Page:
Administration, students tackle bias on campus
Understanding the process of handling reported bias incidents
Published: Tuesday, November 20, 2012
Updated: Tuesday, November 20, 2012 08:11
SPEAC shares similar goals with the administration. According to SPEAC co−coordinator junior Bianca Blakesley, the group strives to raise awareness about bias at Tufts.
“Our goal is to get the word out about bias incidents and raise awareness that they do happen, and if you feel like something is targeting you as a member of a social identity, you have ways to report it and you have agency in that,” she said. “Also we need to get that dialogue going with students who aren’t that engaged with those issues, just to promote an environment not just of tolerance, but of inclusion.”
Another focus of the group is to bring together students who have experienced the various forms of bias at Tufts and those who have not.
“The reason that I do SPEAC and I really like SPEAC is that Tufts is an open−minded and accepting campus...for the majority of people, but it’s not for everyone,” SPEAC co−coordinator Bryn Clark, a junior, said. “Having events that bring together those two groups, to really try and get different people at our events, is one of our biggest missions.”
Blakesley said that SPEAC’s association with the administration provides legitimacy, but its identity as a student group offers access to student dialogue.
“Whereas the administration definitely takes on a different role in disciplinary actions, we want to have conversations with everybody, we’re not going to attack anyone for their views or perspectives,” she said. “We want to educate our peers and also find out what the general campus climate is.”
However, both Blakesley and Clark see their role in SPEAC as complimenting the administration’s aims in the reporting and publicizing bias incidents within the community.
“I think that if nothing happened, if there wasn’t some adult or administrator you could go to validate that experience and make it public, then you would see a lot less people speaking up about these things, people internalizing them and it having a more negative affect on their life,” Clark said. “The administration’s job is dealing with things individually and SPEAC’s job is learning from that and then trying to translate that into a larger atmosphere on campus.”
Until last year, SPEAC was known as the Bias Education and Awareness Team, or BEATBias, whose programming responded directly to each bias incident.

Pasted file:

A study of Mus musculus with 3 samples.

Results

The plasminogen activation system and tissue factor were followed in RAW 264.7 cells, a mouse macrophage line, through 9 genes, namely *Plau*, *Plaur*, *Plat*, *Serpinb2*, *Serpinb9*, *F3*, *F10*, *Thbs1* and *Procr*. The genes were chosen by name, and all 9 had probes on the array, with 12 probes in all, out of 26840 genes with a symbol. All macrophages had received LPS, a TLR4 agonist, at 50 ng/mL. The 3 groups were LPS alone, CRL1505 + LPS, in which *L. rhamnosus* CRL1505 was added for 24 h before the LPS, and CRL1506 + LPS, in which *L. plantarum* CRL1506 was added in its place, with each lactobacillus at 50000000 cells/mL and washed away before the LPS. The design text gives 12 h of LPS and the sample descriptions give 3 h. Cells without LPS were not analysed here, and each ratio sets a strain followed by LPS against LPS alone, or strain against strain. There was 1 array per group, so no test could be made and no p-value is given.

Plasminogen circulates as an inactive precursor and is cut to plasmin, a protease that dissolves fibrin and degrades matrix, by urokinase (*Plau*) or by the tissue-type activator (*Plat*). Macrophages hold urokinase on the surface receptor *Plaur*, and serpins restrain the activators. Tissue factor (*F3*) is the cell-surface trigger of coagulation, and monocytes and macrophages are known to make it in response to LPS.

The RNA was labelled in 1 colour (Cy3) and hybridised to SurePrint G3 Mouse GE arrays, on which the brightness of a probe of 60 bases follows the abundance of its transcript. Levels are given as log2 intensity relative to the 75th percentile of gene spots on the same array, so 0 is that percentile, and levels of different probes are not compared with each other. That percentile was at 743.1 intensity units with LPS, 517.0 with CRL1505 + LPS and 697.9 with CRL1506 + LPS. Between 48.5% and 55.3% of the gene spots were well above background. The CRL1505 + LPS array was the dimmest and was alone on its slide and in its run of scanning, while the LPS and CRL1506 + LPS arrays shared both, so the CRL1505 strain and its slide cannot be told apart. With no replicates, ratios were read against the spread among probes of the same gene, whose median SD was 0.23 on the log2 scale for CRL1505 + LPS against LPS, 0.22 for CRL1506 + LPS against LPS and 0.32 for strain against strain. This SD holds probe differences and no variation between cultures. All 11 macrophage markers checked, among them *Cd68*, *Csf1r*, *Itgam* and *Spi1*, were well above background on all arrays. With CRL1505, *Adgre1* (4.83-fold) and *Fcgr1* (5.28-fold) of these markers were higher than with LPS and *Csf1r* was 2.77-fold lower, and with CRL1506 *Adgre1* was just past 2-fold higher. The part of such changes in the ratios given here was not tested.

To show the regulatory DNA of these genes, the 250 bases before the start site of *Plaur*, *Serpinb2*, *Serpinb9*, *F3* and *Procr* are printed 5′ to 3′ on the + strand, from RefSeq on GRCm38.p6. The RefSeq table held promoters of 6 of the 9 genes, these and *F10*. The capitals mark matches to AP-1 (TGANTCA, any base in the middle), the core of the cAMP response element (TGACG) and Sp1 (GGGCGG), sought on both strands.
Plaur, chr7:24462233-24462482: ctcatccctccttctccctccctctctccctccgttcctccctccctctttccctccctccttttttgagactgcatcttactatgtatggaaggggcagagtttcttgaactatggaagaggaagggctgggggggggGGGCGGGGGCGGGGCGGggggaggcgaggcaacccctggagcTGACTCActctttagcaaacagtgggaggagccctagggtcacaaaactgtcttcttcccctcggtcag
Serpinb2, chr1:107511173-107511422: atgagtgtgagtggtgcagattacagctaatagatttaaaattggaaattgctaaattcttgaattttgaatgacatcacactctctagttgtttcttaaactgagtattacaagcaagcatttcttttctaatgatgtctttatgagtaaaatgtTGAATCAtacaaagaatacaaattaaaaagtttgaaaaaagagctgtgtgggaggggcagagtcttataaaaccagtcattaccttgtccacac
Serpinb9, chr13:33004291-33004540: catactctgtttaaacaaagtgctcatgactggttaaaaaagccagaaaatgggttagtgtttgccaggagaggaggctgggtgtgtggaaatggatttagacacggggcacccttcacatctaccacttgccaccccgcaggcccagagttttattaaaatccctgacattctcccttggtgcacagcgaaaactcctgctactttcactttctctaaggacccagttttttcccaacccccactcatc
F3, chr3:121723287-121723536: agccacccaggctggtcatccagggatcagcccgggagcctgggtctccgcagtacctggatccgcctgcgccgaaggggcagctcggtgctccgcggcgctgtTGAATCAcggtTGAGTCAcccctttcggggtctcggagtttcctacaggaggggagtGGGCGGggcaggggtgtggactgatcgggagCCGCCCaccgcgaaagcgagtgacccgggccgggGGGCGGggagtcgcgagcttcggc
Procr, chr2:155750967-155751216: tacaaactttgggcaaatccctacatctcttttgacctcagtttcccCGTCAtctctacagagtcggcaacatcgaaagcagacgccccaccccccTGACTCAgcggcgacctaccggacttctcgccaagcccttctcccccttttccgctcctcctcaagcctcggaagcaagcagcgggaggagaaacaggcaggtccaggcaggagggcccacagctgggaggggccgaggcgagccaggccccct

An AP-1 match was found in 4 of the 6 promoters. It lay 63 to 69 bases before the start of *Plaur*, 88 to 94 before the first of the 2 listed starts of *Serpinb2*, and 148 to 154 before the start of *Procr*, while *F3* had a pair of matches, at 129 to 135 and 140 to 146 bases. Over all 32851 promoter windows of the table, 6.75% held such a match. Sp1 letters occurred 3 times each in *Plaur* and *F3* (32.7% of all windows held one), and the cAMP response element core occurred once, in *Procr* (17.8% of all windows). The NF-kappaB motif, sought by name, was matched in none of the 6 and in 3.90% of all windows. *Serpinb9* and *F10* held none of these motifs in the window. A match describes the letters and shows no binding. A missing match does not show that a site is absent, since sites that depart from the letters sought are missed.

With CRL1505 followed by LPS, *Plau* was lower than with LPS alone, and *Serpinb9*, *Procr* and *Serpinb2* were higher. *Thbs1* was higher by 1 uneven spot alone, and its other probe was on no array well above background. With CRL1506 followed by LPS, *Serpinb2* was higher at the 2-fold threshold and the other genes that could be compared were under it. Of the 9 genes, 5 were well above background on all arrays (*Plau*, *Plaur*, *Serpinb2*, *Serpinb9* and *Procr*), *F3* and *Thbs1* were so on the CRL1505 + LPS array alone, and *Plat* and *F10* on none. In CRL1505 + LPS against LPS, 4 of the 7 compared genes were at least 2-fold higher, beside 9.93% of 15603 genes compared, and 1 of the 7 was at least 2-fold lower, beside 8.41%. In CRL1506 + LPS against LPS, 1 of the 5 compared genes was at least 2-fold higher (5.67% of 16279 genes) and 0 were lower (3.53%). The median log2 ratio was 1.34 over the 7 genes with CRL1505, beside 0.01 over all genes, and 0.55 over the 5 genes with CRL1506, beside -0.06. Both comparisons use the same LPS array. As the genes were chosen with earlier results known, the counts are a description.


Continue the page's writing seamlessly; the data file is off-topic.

According to Clark, BEATBias became SPEAC in order to widen its scope and more proactively improve tolerance and understanding at Tufts.
SPEAC’s past programming has included the Tufts Identity Project, a display of photos of students with their answers to how they feel most people see them, and who they really are. This year, SPEAC will publish a booklet containing the answers to a broad survey of Tufts students concerning social identity.
According to Blakesley, 700 students were interviewed on topics like their sense of belonging on campus, interracial interactions and hookup culture.
SPEAC is also putting together a documentary film with interviews of students about the levels of tolerance or bias at Tufts.
Despite the different efforts of the administration and of SPEAC to combat bias at Tufts, bias persists and manifests itself in different forms.
“I think there’s a lot of different discourse on this campus about Tufts being oversensitive, and it’s made fun of in a very patronizing way,” Clark said. “I think that is a huge problem because it stifles this campus from talking about those issues in an actually constructive way.”
In particular, humor and consequent reactions contribute to the endurance of stereotypes and bias.
“People often use humor as a way to say joking about this is okay, but humor can also be a silencing mechanism,” said Blakesley. “We’re not talking about the issues, we’re normalizing disrespectful language, language that’s harmful and demeaning to certain social groups.”
Blakesley says that bias is everywhere, despite Tufts’ general reputation of being an accepting and open community.
“I think Tufts students are very well−intentioned. I think the school politically is very liberal,” she said. “But bias comes in many forms, and it comes implicitly and explicitly, and none of us whatsoever are free from bias.”